In 1983, Terry Eagleton made the life of every student of English literature easier with the publication of his seminal “Literary Theory: An Introduction.” He deftly describes the complex development of this subject throughout the late 19th and 20th centuries in a single volume. As one of those students, I am very excited to review his new book, but I can’t quite escape the feeling that I’m breaking some sort of rule. After all, I have to squint in order to see him comfortably perched atop the ladder on which I am thrashing around, somewhere near the bottom.
Thirty years (and a few dozen publications) later, Mr. Eagleton returns with his characteristically lucid sophistication and fully engaged sense of humor. Only this time, whether to the delight or dismay of the reader, there is no mention of hermeneutics, semiotics or (gasp!) post-structuralism. Rather, in “Across the Pond: An Englishman’s View of America,” we have a thoroughly unacademic and informal discussion of the simultaneously small and gaping differences between the United States and England. Even the Irish aren’t safe from his partly scathing and partly affectionate observations. He is an Englishmen, married to an American, living in Ireland; in other words, perfectly situated for just such a project.
He begins with a discussion of his inevitable use of stereotypes, concluding that they “need not deny that we are all distinctive individuals.”
“It is just that, like medical textbooks or prayers for the dying, they focus on what we have in common.”
He recognizes that people, especially Americans, may not appreciate this sentiment because of our firm devotion to individuality and personal rights. But Mr. Eagleton demonstrates his point about stereotypes and his acute sense of irony by observing that “if Americans jealously safeguard their individuality, then this, ironically, is a general fact about them.” From the end of this short introduction, no punches are pulled in his “roast”-like romp through the cultural oddities of the Anglo-American corner of the world.
Some of the commentary is rather biting, such as his discussion of America’s endemic obesity issue. He suggests parochialism as a partial source, writing that “many of them [Americans] have no idea that the planet is not populated by people just like themselves. Nor could some of them fit into the aircraft seats that might allow them to find out.” But this is not a one-sided affair and his criticism is not limited to this side of the Atlantic; Mr. Eagleton agrees with Oscar Wilde when he says that “the British have a great future behind them.” And for the British, whose glumness is contrasted with the optimism of Americans, “even the golden age was not all it is cracked up to be.”
Most of the observations Mr. Eagleton makes are not, however, calculated to insult. His chapter on the differences between English English and American English is filled with the types of hilarious mistakes and idiosyncrasies that anyone who has spent time with an Englishman will immediately recognize. For example, he laments our appropriation and misuse of the word “awesome” and the fact that we are “straight, honest and plain-speaking” without the proper respect for the use of irony. Another of his favorite targets is the spirit of the American Dream: “Americans are great believers in the fraudulent doctrine that you can do anything you want if you try hard enough.” He then goes on to wonder why we have not used this peculiar power to will away our comparatively high rates of poverty, incarceration, teenage pregnancy and social exclusion. By contrast, he cites the British saying “If at first you don’t succeed, try, try and then for God’s sake give it up; there’s no point in making a bloody fool of yourself.”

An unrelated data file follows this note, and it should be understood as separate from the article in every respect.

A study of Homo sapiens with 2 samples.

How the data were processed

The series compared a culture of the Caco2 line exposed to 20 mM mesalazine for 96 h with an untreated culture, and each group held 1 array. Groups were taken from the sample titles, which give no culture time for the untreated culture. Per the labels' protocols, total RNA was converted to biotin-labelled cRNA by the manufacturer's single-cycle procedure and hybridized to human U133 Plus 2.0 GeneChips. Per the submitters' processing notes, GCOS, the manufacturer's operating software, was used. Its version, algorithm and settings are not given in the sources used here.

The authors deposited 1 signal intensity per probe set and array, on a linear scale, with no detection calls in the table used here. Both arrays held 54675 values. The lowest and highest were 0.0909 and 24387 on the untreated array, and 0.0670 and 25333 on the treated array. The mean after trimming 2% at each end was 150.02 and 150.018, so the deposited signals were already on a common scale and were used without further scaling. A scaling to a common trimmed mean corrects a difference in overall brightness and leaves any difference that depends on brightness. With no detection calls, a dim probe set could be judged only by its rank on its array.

Our politics inevitably fall victim to Mr. Eagleton’s ferocious wit. Not everyone will appreciate the political commentary of a man whose recent publication “Why Marx was Right” displays his left-leaning tendencies. But this does not mean his opinion is not worth considering. He provides a distinctly outside perspective that, in one fell swoop, diminishes the political differences that seem to plague this country and its governing process. He writes, “in fact, the United States is a one-party state. There is the Democratic capitalist party and the Republican capitalist party. The diversity of political opinions hardly rivals the variety of candy bars.” To those who think President Obama is a socialist, take it from a Marxist that our love affair with capitalism is not in danger.
Despite its unacademic and untheoretical nature, this book does present itself in true Eagleton-like fashion. Beneath the stereotypes and the jokes, there are many poignant and acute observations that, if paid attention to, have an important lesson to teach.
Maxwell Sater, a senior at the University of Maryland, is an intern at The Washington Times.